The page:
With an endless amount of interesting people to interview, I set my sight on Jason Hammel, the chef and owner of Lula Cafe, located in Logan Square. Hammer is not only known from Lula Cafe’s longtime presence in the Chicago “foodie” and cooking community, but also from co-creating the non-profit organization Pilot Light for Chicago’s communities in educating elementary schools about food, the natural process of it and the healthy choices they’re able to make in their lives as an act for Michelle Obama’s nationwide "Chefs Move to Schools" campaign.
As his busy schedule includes long hours at Lula Cafe, along with many other matters, I was very fortunate to visit him briefly to discuss about Pilot Light’s future and some of his learned wisdom while in the food industry to offer those who would like to follow similar footsteps into a successful career.
So, I understand that both you and your wife earned degrees outside culinary arts with almost no formal training, but through passion, and working at various cafes and your grandparents’ restaurants, paved your way into the industry. Have your earlier years spent at your grandparents’ restaurant made an influence through the dishes you create at Lula?
No, I don’t think that in terms of their cooking. But in terms of their work ethic and their notion of making it on your own, figuring [things] out and always fixing problems when they come up instead of passing them on to someone else–I think I learned that from them.
I appreciate your mission in supporting local farmers and the overall lifestyle of knowing where the food you eat comes from. Did your childhood always consist of this as well?
No. I mean, I’m 44 and I grew up in the 70s and 80s and there wasn’t any local food. I mean, it was pretty standard fare and pretty boring, like the actual vegetables and fruits, things that we ate. So, no, this is a total adult discovery; nothing from my childhood, spare me from this.
So, around six years ago, there were four of you who wanted to educate the younger community about food, which became Pilot Light. How did that happen?
It happened because about eight years ago, Michelle Obama had an initiative called Chefs Move. And she called upon all the chefs. They were asking the chefs to get involved in their local schools and we as a community [in Chicago] weren’t sure how to do that, so Pilot Light was formed out of a desire to find a way for chefs to get involved in schools that would matter. And so a group of chefs came together and in a grassroots way, organized and took over the school, took over the lunchrooms and took over the classrooms for a day and that’s what created and transformed the program and got the chefs involved, and it took off from there.
How long did it take to prepare before Pilot Light chefs were able to visit the classrooms?
Well, it was pretty organic in its growth. Seven years ago, we started at one school and then we only did it once or twice, then we started to do it more frequently. Then we would add schools, add grade levels, add chefs and now it’s a much bigger organization.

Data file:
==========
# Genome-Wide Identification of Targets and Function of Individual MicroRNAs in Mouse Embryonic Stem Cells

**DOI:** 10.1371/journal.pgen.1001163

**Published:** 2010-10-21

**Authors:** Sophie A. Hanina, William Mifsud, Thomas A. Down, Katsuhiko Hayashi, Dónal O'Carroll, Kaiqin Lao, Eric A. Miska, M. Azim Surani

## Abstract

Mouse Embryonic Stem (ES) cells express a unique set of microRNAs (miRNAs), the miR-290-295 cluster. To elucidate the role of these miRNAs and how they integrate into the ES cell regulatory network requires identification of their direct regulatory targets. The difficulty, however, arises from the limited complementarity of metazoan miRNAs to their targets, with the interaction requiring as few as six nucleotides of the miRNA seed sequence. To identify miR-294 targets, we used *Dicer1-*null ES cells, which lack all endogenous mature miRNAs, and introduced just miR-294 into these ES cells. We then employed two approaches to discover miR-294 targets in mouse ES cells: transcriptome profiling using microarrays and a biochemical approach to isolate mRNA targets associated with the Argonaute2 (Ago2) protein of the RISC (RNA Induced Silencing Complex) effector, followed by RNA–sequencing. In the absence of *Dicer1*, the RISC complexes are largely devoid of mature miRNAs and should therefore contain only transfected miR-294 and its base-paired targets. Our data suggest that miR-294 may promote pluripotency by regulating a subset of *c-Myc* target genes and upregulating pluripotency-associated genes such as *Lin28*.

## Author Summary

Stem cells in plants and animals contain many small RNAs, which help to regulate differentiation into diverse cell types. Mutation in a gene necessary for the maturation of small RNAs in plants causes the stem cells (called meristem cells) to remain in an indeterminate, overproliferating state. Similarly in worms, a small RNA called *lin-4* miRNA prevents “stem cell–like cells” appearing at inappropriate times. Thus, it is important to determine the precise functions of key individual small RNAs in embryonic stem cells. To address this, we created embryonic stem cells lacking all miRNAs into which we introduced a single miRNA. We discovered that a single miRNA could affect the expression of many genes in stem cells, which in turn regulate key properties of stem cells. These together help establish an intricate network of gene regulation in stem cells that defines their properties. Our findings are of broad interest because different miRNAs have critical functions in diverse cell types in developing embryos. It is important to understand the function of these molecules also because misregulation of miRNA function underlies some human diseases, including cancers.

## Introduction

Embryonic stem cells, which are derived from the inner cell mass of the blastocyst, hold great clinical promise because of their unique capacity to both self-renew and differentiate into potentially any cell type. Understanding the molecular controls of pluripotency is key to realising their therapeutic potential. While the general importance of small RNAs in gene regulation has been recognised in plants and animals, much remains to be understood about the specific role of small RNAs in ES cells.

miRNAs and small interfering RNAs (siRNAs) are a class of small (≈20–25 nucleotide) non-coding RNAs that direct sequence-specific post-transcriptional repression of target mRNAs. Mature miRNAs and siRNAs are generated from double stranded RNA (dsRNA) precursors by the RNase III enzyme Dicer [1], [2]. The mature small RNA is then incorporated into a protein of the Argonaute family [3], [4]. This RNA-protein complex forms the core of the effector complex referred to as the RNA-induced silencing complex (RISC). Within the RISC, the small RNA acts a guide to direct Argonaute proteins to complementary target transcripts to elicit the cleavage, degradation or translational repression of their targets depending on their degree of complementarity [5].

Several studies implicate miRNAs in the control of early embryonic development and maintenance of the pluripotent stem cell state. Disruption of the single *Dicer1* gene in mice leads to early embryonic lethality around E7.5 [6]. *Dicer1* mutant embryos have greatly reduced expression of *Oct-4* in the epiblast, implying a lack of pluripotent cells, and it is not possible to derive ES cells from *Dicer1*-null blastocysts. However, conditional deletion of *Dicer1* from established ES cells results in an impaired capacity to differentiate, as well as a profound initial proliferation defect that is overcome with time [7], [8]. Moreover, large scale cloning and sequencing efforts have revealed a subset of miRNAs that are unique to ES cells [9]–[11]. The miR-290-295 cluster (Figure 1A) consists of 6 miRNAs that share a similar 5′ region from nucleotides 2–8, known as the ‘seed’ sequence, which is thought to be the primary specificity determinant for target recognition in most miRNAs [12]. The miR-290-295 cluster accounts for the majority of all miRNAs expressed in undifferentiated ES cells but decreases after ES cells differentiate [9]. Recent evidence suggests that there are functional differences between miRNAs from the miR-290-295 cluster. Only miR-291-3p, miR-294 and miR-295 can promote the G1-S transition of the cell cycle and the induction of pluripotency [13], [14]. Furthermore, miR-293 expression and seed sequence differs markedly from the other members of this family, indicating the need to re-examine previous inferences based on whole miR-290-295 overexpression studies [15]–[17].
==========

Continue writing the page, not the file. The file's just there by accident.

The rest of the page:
Do the ingredients you use in the classrooms come from local farmers as well?
Often yeah, as much as possible. The lunchroom work is still pretty minimal right now and we’re still trying to find partners to be able to have a bigger impact in lunchrooms in the city. There are hundreds and thousands of kids to be fed and we don’t have the capacity to do that right now.
Is there a certain method or activity, that you notice, never fails to get kids excited about healthy eating?
I mean, kids like hands-on, and things they get to taste. Kids also like to be grossed out even though they pretend that they don’t. So, if you bring in, like, raw meat, a fish head or a weird looking fruit that looks gross but tastes yummy, kids like that kind of stuff.
What do you hope for Pilot Light’s future?
So, our plan is to become a space where we connect culinary creatives and education creatives; try to break through the sort of like, stagnant education patterns and feelings that kids feel bad about school. So we’re hoping to bring back some sort of energy and excitement by bringing food into the classroom. Furthermore, the real mission is to connect other eyes that wouldn’t be connected, [and to] give better [to those] of different class backgrounds or racial backgrounds or different reading levels, or whoever feel separated in their classrooms to each other. We want to bring them together by connecting them to what they’re all learning through something that they all do and love to do which is to eat and make food.
It seems like running a restaurant and running an organization have many similarities in terms of leadership and teamwork. What is the best advice you can give someone who hopes to open a restaurant or start an organization someday?
My advice is to communicate, so not expect people to understand what it is that you want, even it it doesn’t bear repeating the thing that you want and even if it makes the noise for people to say it. I mean honestly, when there are bad things to tell people and hard truths to actually say them, that’s always harder for people to do and it’s been hard for me to do, so I think those are the most important to know.